Ex-Barclays trader said he would write a conspirator's name 'in golden letters'
An ex-Barclays Bank trader accused of rigging the Libor rate boasted of how he would write about his exploits in a book, and offered to emblazon a conspirator's name in gold, a court heard.
Stylianos Contogoulas, 44, allegedly sent rate submitter Peter Johnson a series of emails asking him to manipulate the benchmark interest rate.
When Johnson, who is not on trial, replied positively, Contogoulas thanked him, setting out his plans for retirement.
On January 1, 2006, Contogoulas emailed Johnson saying: "Need a high 1m if possible for the next few days."
When Johnson replied "I'm going 58", the trader responded: "You are a star, as always. When I quit this business and write a book about it, I will write good things about you. Hehe."
However, Johnson did not appear too keen on his practise being made public, jurors heard.
After making another request some months later, Contogoulas wrote: "Remember, when I retire and write a book about this business, your name will be written in golden letters and you will have an open invitation to my bar in the Greek islands. Hehe."
But Johnson replied: "I would prefer this not to be in any books."
Speaking on the second day of his opening, prosecutor James Hines QC, told the jury at London's Southwark Crown Court: "There cannot have been any doubt, at that stage, about whether Mr Johnson wanted any of this in the public domain."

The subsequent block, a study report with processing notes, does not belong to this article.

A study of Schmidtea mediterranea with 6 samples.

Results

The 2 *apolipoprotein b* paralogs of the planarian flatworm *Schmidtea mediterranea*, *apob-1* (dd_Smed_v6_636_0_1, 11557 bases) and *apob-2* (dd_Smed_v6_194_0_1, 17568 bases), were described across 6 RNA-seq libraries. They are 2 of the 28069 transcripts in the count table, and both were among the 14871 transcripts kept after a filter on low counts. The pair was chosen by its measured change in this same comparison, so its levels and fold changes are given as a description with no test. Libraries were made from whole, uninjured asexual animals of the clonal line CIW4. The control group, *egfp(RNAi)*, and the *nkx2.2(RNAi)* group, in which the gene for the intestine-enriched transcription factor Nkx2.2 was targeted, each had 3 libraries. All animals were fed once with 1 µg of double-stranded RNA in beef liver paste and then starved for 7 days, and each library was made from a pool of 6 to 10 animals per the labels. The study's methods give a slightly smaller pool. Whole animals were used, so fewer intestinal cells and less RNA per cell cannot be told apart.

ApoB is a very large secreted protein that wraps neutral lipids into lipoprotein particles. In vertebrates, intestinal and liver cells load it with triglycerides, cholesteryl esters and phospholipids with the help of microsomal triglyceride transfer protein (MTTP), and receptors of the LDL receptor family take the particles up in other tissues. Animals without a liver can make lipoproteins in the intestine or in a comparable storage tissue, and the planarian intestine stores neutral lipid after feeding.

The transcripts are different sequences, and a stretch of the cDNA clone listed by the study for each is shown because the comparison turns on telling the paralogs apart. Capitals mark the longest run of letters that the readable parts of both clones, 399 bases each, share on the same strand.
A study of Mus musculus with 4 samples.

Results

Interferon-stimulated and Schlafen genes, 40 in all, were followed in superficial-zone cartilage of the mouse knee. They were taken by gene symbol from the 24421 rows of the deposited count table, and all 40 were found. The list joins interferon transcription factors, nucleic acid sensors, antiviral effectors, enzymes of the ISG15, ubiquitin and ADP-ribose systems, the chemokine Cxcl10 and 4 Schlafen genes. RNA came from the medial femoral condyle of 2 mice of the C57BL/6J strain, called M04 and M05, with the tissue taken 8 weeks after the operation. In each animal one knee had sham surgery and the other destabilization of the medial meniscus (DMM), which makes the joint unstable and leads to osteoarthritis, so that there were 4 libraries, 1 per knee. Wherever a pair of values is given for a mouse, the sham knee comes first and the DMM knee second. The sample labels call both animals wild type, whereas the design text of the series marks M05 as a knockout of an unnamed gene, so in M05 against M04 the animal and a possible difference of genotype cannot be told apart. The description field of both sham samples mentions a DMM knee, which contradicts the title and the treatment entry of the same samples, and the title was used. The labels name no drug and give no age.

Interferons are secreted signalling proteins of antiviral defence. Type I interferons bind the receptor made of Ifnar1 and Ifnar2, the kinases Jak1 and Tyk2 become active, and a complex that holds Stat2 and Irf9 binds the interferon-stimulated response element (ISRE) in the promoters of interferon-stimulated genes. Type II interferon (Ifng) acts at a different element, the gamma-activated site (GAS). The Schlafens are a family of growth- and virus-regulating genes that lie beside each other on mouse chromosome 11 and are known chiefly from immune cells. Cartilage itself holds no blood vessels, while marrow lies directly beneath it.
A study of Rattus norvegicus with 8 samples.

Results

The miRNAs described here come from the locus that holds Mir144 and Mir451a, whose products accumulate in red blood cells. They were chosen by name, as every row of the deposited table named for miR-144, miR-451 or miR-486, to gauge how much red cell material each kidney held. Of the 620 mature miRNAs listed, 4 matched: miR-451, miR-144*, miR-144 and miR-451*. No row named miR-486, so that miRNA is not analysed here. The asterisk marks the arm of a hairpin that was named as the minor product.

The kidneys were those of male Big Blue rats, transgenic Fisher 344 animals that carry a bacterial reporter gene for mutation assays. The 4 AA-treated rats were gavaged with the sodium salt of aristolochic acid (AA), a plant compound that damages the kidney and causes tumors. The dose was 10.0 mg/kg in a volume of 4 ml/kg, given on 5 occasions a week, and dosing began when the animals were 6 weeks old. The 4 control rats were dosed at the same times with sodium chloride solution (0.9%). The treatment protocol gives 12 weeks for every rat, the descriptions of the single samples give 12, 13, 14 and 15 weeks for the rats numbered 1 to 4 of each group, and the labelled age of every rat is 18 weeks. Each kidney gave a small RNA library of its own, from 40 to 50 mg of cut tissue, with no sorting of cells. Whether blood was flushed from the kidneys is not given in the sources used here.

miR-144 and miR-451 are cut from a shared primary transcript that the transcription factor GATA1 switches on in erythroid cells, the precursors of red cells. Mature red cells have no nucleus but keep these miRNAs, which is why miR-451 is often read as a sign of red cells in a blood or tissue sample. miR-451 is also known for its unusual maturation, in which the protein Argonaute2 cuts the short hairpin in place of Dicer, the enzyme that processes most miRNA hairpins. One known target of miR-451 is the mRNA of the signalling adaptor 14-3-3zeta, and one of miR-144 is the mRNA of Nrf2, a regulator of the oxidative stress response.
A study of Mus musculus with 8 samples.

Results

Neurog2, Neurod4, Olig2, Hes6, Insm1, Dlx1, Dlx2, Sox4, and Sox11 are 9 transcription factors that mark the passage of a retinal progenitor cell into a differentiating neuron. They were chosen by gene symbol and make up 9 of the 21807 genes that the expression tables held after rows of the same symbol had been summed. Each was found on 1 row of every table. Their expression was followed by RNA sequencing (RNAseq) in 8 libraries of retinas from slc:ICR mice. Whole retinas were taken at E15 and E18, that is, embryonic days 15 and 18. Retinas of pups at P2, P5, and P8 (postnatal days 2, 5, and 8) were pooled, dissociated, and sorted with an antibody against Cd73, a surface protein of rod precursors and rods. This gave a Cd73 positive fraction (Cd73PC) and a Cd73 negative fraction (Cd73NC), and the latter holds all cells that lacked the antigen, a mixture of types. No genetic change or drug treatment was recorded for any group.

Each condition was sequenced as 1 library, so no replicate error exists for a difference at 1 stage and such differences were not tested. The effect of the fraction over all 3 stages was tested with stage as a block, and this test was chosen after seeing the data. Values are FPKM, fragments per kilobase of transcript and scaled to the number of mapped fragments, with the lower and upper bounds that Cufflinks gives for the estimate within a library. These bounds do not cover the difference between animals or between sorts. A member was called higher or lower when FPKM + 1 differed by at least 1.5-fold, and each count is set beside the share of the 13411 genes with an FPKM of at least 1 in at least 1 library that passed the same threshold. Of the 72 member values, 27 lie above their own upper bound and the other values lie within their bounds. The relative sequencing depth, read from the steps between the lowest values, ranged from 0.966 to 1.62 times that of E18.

Contogoulas is accused alongside Jonathan James Mathew, 35, Jay Vijay Merchant, 45, Alex Pabon, 37, and Ryan Reich, 34, of manipulating the US Dollar London Interbank Offered Rate between June 1 2005 and August 31 2007.
The charge states that they dishonestly agreed to procure or make submissions of rates by Barclays, a panel bank, into the Dollar Libor setting process which were false or misleading.
Mr Hines told the court the traders were dealing with "eye-watering" sums of money.
New York-based Merchant, Pabon and Reich allegedly either told Contogoulas what they wanted, and he in turn told submitters Mathew or Johnson, or the request was made directly.
He said the parties the bankers are alleged to have defrauded "were entitled to assume that it was a given that they were dealing with Barclays fair and square, honestly and on a level playing field".
Jurors heard they were also entitled to assume the rate was an "honest, accurate and reliable industry benchmark".
Referring to the traders, Mr Hines said: "The defendants in this case are all very successful, intelligent, well educated and experienced professionals.
"These men were trusted by Barclays Bank to trade in deals worth billions of dollars. There are some occasions where the defendants will refer to deals involving eye-watering sums of money."
He added that "making money was the name of the game", and jurors heard the men had incomes ranging from hundreds of thousands of pounds into the millions.
Mathew, from Shenfield in Essex, Contogoulas, from Greece, and Merchant, Pabon, and Reich, all of whom live in America, deny one count of conspiracy to defraud.
The trial continues at 10am on Thursday.